What time commitment is involved?
It is difficult to say the exact time commitment needed but it should not be underestimated. Representing residents, and attending committees and meetings will take up your time. However people with full time jobs and family commitments do manage. It is challenging but also rewarding. You will need the support of your family and friends.
Residents will contact you by telephone, letter and email and may not call at what you consider to be a reasonable hour. They will ask for your help with their problems. You may also need to spend time visiting residents in their homes or at the town hall.
If you take on more advanced roles as a councillor, for example, chairing a committee, becoming a group secretary or group leader or even a portfolio holder, the demands on your time will increase.
Each committee has reports which will be sent to you before the meeting for you to read and consider. Some committees are more involved than others. Members of the Development Management Committee, which deals with planning, may wish to visit the site of the proposed application and there will also be letters from residents to read. Members of scrutiny committees also often have to read and think about background research done by council officers.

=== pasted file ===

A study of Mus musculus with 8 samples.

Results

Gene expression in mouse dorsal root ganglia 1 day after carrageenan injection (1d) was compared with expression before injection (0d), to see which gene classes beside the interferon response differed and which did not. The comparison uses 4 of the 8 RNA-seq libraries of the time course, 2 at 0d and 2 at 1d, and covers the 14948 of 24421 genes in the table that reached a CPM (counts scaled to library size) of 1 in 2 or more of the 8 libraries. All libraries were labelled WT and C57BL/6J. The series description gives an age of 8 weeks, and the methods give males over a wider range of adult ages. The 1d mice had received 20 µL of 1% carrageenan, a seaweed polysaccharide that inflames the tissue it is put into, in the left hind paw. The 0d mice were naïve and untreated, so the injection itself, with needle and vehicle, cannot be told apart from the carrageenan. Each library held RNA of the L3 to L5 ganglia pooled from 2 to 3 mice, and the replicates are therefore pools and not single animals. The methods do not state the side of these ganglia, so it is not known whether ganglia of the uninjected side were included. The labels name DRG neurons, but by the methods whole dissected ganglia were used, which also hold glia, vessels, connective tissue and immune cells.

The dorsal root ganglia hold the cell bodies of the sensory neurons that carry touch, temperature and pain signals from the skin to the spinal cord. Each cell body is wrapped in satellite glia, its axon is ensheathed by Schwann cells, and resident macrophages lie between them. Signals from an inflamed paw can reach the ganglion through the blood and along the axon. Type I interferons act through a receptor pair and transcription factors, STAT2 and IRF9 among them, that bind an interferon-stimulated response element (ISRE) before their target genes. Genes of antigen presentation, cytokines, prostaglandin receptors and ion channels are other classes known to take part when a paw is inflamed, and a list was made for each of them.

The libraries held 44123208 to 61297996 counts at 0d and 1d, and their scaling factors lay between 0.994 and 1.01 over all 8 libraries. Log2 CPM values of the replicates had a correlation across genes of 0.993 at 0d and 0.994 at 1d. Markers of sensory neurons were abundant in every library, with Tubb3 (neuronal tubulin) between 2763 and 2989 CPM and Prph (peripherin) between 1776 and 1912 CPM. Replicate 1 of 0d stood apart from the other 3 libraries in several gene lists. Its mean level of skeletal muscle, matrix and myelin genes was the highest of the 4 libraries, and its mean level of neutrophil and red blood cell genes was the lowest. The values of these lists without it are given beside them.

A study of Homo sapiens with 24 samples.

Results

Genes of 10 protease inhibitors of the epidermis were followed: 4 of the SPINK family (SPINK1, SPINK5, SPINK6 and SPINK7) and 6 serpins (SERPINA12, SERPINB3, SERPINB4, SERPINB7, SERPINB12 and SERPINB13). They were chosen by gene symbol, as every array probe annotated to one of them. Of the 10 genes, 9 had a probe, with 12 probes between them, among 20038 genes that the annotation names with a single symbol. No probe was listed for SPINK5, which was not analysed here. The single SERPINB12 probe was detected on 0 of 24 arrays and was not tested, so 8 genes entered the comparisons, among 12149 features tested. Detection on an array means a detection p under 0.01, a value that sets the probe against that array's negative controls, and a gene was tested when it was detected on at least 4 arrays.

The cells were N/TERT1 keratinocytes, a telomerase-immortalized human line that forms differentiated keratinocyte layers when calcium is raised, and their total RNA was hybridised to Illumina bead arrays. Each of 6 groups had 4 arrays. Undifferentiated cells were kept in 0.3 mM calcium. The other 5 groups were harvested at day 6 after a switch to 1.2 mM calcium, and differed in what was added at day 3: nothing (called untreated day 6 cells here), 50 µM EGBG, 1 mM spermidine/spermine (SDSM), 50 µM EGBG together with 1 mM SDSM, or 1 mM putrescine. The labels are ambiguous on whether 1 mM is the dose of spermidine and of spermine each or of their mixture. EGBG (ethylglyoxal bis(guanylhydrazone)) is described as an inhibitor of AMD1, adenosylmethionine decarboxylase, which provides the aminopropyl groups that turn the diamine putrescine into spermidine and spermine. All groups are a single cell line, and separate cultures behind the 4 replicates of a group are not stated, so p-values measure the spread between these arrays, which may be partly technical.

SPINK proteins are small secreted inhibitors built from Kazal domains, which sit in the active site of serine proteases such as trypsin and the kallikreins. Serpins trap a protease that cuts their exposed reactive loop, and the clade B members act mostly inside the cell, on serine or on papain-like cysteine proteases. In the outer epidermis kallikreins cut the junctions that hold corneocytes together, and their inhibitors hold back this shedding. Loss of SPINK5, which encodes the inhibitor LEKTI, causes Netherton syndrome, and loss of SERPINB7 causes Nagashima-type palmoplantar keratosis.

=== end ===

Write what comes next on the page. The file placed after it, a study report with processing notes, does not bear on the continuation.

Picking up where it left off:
Some committees meet more often than others, for example the Development Management Committee meets every three weeks, other committees meet monthly. Some may only meet when they are needed.
Committees generally start at 7pm or 7.30pm and can last between 1½ to 2 hours.
If you are a member of a political party, there will be extra meetings and work that you will be expected to be involved with. You may be asked to attend training or produce a local newsletter and distribute it to your residents.
Managing and prioritising your time will be a key skill whilst you are a councillor. But the rewards of helping people and making a difference in the community and to the town keep people coming back to stand for this role.